Tempers flare after House passes gun background check bill again

Rep. Terry Roy, a Deerfield Republican, confronted another House member Thursday for allegedly calling him a “liar” while he was speaking in favor of his gun background check bill.

Rep. Terry Roy, a Deerfield Republican, confronted another House member Thursday for allegedly calling him a “liar” while he was speaking in favor of his gun background check bill. —Screenshot


New Hampshire Bulletin

Published: 05-24-2024 11:31 AM

It was a dramatic 15 minutes on the House floor Thursday afternoon. 

First, the House likely picked a fight with the Senate by voting overwhelmingly to revive and send back to the Senate a gun background check bill senators tabled last week. This time, the House attached it to one of the Senate’s priority bills, which would put $40 million toward a new prison.

Moments after the House vote, the bill’s sponsor confronted another House member for allegedly yelling “liar” at him while he was speaking. 

Rep. Terry Roy, the Deerfield Republican who sponsored the bill that would add some mental health records to gun background checks, responded to questions from the Bulletin via text messages after the House resumed its work. 

Roy said he had confronted Rep. Cyril Aures, a Chichester Republican, following the House’s 212-155 vote in favor of his legislation. 

“I went over after the vote and asked him if he in fact did yell (liar) out and, if he did, would he care to explain later when not in the people’s House,” Roy wrote. “He then lost his mind and stood up and started screaming mother (expletive). I may have mentioned something about being an example of a dangerous mental health issue.”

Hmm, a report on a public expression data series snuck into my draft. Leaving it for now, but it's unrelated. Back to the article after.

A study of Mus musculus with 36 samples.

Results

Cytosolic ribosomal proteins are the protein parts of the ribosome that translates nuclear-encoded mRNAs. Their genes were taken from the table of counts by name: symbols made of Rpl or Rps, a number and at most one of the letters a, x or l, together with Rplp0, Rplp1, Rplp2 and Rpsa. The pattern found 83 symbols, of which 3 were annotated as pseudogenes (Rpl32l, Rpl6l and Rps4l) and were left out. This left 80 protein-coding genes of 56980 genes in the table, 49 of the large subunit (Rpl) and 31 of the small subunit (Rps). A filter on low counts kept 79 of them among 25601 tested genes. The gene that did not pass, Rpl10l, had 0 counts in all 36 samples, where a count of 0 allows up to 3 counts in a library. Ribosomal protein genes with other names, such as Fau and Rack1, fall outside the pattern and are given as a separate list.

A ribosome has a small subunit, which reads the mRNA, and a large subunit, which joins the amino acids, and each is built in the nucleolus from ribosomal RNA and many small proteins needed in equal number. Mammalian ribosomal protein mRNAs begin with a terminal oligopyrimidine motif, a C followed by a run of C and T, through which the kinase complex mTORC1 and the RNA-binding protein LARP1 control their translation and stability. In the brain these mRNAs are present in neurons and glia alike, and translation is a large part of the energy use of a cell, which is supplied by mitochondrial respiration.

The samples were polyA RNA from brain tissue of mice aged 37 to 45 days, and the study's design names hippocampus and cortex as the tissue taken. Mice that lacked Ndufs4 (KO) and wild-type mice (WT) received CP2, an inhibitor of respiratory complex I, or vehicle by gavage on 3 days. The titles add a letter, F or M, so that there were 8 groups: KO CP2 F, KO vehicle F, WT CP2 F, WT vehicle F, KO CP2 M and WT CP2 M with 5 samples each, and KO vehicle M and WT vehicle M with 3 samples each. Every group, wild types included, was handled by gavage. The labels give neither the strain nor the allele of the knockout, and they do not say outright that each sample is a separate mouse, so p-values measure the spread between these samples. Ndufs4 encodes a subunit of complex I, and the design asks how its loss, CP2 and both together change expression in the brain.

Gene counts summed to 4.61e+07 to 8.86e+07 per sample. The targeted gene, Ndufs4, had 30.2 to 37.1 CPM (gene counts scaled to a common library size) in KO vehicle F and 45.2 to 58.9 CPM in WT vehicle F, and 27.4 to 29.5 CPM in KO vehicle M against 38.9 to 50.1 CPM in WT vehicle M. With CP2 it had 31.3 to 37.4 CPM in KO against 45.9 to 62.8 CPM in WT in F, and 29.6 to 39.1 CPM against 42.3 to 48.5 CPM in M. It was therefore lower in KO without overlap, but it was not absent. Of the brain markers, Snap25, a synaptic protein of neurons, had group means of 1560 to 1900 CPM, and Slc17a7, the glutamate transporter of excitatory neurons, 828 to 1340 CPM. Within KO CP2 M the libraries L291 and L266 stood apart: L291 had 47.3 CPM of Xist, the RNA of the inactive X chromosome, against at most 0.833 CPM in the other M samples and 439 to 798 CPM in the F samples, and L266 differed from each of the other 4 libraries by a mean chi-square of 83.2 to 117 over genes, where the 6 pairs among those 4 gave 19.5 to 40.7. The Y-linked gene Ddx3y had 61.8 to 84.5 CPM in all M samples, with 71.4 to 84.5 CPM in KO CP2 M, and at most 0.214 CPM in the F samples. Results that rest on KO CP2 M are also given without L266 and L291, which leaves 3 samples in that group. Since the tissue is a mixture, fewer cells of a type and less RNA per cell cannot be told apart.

Some pro-Second Amendment groups have fought the bill, saying it fails to give people due process before their guns are taken. However, firearms would not be confiscated until after a court hearing, where an individual would have legal representation.

Aures, who was not among the 35 Republicans who voted for the legislation Thursday, did not respond to an email and could not be immediately reached. 


This is the second time the House has passed legislation that would add limited mental health records to background checks, something 47 other states do. 

House Bill 1711, sponsored by Roy and Rep. David Meuse, a Portsmouth Democrat, cleared the House in March, 202-149, with 25 Republicans joining Democrats in support. The Senate tabled it in a party-line vote earlier this month. 

It was unclear Thursday afternoon how the Senate would proceed when it gets back its prison appropriation bill, Senate Bill 476, next week. Senators could accept the changes, reject them and defeat the bill, or reach a compromise with the House. If it makes it to Gov. Chris Sununu’s desk, he indicated he would sign it. 

A message to House Speaker Sherman Packard’s office was not returned. The House minority leader, Rep. Matt Willhelm, called the incident a “despicable stain” on the House in a statement Thursday.

“This behavior was unbecoming of the New Hampshire House of Representatives and should be strongly condemned by all legislators,” he said.